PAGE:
Writer: Winton Dong  | Editor: Jane Chen  | From:  | Updated: 2018-04-16
Email of the writer: dht0620@126.com

Singaporean Prime Minister Lee Hsien Loong paid a five-day visit to China last week. While meeting his Singaporean counterpart in Beijing, Premier Li Keqiang said, “We hope that Singapore, taking the rotating chair of the Association of the Southeast Asian Nations (ASEAN) this year, will continue to play a constructive role in enhancing China-ASEAN ties and further contribute to regional peace, stability and prosperity.”

Lee later attended the Boao Forum for Asia annual conference in Hainan Province, at which he delivered a speech for the opening session. He was not the only ASEAN leader to take part in the forum. Rodrigo Duterte, president of the Philippines, was also in attendance at the conference. This is a strong signal that ASEAN attaches great importance to its ties with China.

As a regional international organization, ASEAN was founded in 1967, just marking its 50th anniversary in August last year. ASEAN consists of 10 countries and has a total population of more than 650 million.

The attitude of ASEAN nations towards China was once deeply influenced by the United States. At the outset of their organization, ASEAN countries were quite antagonistic towards China. But in 1971, with the announcement of the Kuala Lumpur Declaration, ASEAN shifted its policy and aimed to build itself into a free, liberal and neutral organization. Their attitude changed terrifically in 1972 after then-U.S. President Richard Nixon made a landmark visit to China.

With geographic proximity, China has regarded ASEAN as a priority in “neighboring diplomacy” for many years. This year marks the 15th anniversary of China’s strategic partnership with ASEAN. China has also been ASEAN’s biggest trading partner for nine consecutive years. In 2017, Sino-ASEAN bilateral trade reached as high as US$514 billion. The “10+1” mechanism and the Belt and Road Initiative are further injecting impetus into bilateral ties.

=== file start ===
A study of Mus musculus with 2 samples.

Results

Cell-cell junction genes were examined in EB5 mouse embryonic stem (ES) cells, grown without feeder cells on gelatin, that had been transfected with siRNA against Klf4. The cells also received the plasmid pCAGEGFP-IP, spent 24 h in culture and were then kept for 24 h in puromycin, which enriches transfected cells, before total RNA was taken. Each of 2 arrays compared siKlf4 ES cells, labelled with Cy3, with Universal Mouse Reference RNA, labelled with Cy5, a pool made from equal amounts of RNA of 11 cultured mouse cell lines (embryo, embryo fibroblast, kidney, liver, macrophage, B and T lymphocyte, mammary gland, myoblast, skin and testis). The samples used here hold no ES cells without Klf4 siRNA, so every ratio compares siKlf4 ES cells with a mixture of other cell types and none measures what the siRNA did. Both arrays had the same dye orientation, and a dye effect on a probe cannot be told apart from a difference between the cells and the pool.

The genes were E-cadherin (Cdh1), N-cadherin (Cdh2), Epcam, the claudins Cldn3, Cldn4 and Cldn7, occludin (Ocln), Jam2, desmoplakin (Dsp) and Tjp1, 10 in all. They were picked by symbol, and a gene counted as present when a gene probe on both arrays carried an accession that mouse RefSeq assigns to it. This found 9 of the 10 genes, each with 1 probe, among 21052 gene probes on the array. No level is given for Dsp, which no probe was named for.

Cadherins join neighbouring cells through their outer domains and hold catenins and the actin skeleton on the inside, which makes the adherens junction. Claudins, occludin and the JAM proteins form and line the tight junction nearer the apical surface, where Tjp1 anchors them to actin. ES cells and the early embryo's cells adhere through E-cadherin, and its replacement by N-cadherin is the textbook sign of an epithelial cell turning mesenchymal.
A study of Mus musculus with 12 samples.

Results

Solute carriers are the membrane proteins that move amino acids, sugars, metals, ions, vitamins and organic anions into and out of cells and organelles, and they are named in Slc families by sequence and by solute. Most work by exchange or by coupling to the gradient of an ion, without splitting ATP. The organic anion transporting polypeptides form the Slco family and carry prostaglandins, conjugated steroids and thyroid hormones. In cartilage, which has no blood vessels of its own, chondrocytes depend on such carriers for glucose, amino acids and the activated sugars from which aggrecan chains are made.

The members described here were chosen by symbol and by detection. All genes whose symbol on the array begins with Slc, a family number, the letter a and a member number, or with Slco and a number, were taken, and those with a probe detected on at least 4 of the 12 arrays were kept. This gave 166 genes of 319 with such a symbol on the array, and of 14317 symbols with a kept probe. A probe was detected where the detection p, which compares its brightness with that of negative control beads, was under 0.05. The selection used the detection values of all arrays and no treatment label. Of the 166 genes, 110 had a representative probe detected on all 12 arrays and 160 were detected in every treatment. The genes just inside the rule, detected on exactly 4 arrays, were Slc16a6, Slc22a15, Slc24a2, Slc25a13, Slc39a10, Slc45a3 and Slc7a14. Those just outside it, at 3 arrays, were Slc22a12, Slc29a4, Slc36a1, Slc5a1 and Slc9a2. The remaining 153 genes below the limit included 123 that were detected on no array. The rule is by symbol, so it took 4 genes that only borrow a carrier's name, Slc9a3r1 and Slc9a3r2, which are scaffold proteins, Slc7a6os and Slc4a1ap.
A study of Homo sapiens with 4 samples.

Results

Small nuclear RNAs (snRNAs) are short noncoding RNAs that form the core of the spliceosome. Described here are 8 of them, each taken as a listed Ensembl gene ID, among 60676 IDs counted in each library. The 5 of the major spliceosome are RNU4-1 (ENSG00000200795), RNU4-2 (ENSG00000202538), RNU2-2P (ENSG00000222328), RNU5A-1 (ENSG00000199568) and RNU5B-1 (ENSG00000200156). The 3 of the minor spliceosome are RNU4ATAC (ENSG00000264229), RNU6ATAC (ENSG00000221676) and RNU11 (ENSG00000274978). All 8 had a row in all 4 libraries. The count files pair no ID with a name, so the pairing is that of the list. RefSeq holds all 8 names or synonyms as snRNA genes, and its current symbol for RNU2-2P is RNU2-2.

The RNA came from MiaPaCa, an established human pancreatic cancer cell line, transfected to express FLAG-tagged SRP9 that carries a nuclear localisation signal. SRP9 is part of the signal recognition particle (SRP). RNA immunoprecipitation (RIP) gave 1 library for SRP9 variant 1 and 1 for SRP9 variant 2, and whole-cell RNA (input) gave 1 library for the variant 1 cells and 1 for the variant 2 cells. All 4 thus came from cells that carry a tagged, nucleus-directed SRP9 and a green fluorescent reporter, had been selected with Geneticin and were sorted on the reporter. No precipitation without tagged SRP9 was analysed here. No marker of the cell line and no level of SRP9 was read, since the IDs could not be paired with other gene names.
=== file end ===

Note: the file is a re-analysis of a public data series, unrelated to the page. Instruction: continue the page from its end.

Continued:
Furthermore, China plans to build three railways connecting its southwestern regions with various ASEAN nations. China and Malaysia are also joining hands to develop the “Two Countries Twin Parks” program, which involves building Qinzhou Industrial Park in China’s Guangxi Zhuang Autonomous Region and Kuantan Industrial Park in Malaysia. With the exception of Singapore, which is small and rich, Chinese investment is very important for the infrastructure development and industrial upgrading of ASEAN nations.

Besides a close economic partnership, ASEAN nations share many similarities and common ground with China. They were once invaded by the United States or Japan, so all of them have a strong desire to be independent and get rid of poverty. Moreover, ASEAN countries have a similar cultural root and worldview with China. They are also deeply influenced and nourished by Confucius thought.

Compared with the disintegrating European Union (EU), ASEAN countries are very united. In 1973, then-Singaporean Prime Minister Lee Kuan Yew said, “When two big elephants fight, the whole grassland will be destroyed.” Based on such a philosophy, ASEAN as a whole and its member nations are skilled at striking a wonderful balance in managing relations with big powers. For example, in order to cater to different demands, Myanmar has set up three special economic zones: the Dawei economic zone mainly attracts investment from Malaysia, Singapore, Thailand and other ASEAN countries; the special economic zone in Kyaukpyu is supported by China; and the Thilawa economic zone mainly lures capital from Japan.

Despite the fact that China’s relationship with ASEAN has witnessed steady progress in recent years, there are still many challenges facing them. For example, China has had territorial disputes over the South China Sea for decades with some ASEAN countries. And as the United States embraces its pivot-to-Asia policy, tension in the region may escalate.

In August 2017, the Chinese and Southeast Asian foreign ministers adopted a negotiating framework for a code of conduct in the South China Sea, which was hailed as a key consensus and marked a milestone in peacefully resolving the issue. It has also proved that even though some countries outside the region insist on instigating and provoking troubles in the South China Sea, China and ASEAN countries are fully capable of handling the issue themselves.

(The author is the editor-in-chief of the Shenzhen Daily with a Ph.D. from the Journalism and Communication School of Wuhan University.)